Philippians 2: Look Out for Others, Not Yourself

All day long we are feed the message that if we want to be happy and content we will have to have what we want.  In marketing it is called the “you sale.”  Buy this product and you will be happy.  Wear this product and you will be more attractive and self-assured.  Go into debt to get a bigger or better one of these and you will find peace.  You want it.  Or maybe you even deserve it.  You’ll be happy when you get it your way.

Be sure to read the fine print! WOW!

Then Paul comes along, claiming as he has that he had discover how to be content, and he says this:

Bring your thinking into line with one another.  Here’s how to do it.  Hold on to the same love; bring your innermost lives into harmony; fix your minds on the same object.  Never act out of selfish ambition or vanity; instead, regard everybody else as your superior.  Look after each other’s best interests, not your own. (2:2b-4)

Secret to Contentment #2:  Stop trying to find contentment in self-fulfillment.  You will be happiest when you serve others and pursue their best interests.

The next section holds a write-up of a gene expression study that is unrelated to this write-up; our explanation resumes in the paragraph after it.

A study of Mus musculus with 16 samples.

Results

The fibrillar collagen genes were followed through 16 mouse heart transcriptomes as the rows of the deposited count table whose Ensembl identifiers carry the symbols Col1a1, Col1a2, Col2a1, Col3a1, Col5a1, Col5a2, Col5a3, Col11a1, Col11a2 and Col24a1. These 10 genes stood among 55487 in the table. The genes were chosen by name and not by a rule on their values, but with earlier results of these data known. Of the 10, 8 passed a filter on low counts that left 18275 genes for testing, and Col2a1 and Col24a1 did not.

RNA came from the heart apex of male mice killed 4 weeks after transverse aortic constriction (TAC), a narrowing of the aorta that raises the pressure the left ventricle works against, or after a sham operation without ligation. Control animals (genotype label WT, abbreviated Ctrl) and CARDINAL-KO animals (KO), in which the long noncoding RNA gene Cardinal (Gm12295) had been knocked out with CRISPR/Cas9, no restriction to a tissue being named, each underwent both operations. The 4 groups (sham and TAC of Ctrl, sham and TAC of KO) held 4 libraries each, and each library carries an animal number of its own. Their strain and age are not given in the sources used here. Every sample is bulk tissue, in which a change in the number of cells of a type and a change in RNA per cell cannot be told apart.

What did you see in this chapter about contentment?



  1. what a good & good day it is.

    i’ve watch andrew womack today, and he was preaching the same message on Philippians.

    self centeredness is mostly the cause of strife.

  2. susan rubio

    An amazing chapter from start to finish. Humility and gratitude may be essential characteristics of the ones who most quickly take on the nature of the servant. The Wednesday night Sanctuary speaker at White Station said that Second Fiddle is the most difficult instrument to play. I agree.

  3. “Do everything readily and cheerfully–no bickering, no second-guessing allowed! Go out into the world uncorrupted, a breath of fresh air in this squalid and polluted society. Provide people with a glimpse of good living and of the living God.”

    The most important aspect of our witness is our life, not our message.